Mayor Announces $6 Million Investment to Rehabilitate City’s Newest Landmark

Mayor Adams tours the former Colored School No. 4. The building was designated as the city’s newest landmark. Image Credit: Michael Appleton/Mayoral Photography Office

On May 23, 2023, Mayor Eric Adams announced a $6 million investment to rehabilitate the former Colored School No. 4, the city’s newest landmark which was designated earlier that day. The school building, located at 128 West 17th Street in Chelsea, is the last remaining school building that exclusively served African American students. For CityLand’s coverage of the Landmarks vote and to learn more about the building’s history, click here

The building is currently owned by the New York City Department of Sanitation. The school closed in 1894 but remained city property. The building was used as a Sanitation satellite office and locker facility from 1936 to 2015. The $6 million investment will help Sanitation stabilize and rehabilitate the building, which was completed in 1850. 

Design work and engineering investigation has begun, and the rehabilitation is expected to be completed in 2027. Sanitation will work with other city agencies and the community to figure out an appropriate long-term use for the building. 

Mayor Eric Adams stated, “As the second Black mayor in New York City history, the significance of this landmark designation is not lost on me, and I am proud we are investing $6 million to rehabilitate (Former) Colored School No. 4 so that this painful, yet important, piece of history is preserved. Historic sites like this are crucial reminders of those who came before us, whose courage and ambition helped shape our city and chart the course to becoming the incredible city we are today. We stand on the shoulders of the young men and women that attended this school, and while they may be gone, I am honored to ensure they will never be forgotten.”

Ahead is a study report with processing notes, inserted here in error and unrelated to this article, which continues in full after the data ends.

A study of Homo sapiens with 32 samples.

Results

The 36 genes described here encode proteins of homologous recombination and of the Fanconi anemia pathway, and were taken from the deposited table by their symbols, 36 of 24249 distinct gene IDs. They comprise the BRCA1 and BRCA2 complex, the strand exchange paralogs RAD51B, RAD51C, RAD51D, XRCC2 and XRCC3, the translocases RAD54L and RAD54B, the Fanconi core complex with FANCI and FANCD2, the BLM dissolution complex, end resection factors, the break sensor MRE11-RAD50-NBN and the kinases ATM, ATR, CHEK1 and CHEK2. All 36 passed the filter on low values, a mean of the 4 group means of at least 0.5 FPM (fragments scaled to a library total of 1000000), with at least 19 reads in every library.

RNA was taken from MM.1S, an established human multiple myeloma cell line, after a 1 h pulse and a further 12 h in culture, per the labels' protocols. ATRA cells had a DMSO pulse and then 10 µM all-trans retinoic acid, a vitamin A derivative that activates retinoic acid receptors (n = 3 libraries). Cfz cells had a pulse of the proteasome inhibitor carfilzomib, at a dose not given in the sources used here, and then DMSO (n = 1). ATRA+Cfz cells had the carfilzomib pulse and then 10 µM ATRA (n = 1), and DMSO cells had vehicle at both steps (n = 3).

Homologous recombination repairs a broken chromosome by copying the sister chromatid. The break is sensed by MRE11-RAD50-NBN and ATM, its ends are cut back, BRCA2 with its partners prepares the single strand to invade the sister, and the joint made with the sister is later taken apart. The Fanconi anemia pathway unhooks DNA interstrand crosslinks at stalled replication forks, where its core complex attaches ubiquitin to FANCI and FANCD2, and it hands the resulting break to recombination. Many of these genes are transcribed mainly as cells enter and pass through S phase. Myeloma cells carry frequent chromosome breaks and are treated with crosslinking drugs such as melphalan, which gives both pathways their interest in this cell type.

Landmarks Chair Sarah Carroll stated, “(Former) Colored School No. 4 represents a difficult, and often overlooked, period in our city’s history, and in the ongoing pursuit of equity and social justice here in New York City. With today’s vote, LPC reaffirms its commitment to ensuring diversity in its designations as part of our equity framework, and to the importance of preserving the sites that tell the complete, and sometimes challenging, story of our city. I’d like to thank Mayor Adams and DSNY Commissioner Jessica Tisch for their support in ensuring that (Former) Colored School No. 4 will be preserved and protected for future generations.”

Sanitation Commissioner Jessica Tisch stated, “The Department of Sanitation is proud of our role protecting New York City’s neighborhoods, and in this case, that also means protecting a neighborhood’s history. Mayor Adams has made a critical investment in preserving an important piece of Black history in New York City, and ‘New York’s Strongest’ will do our part to make sure that future generations know both about the harm caused at this site and about the resilience of the New Yorkers who resisted it.”

By: Veronica Rose (Veronica is the CityLaw fellow and a New York Law School graduate, Class of 2018.)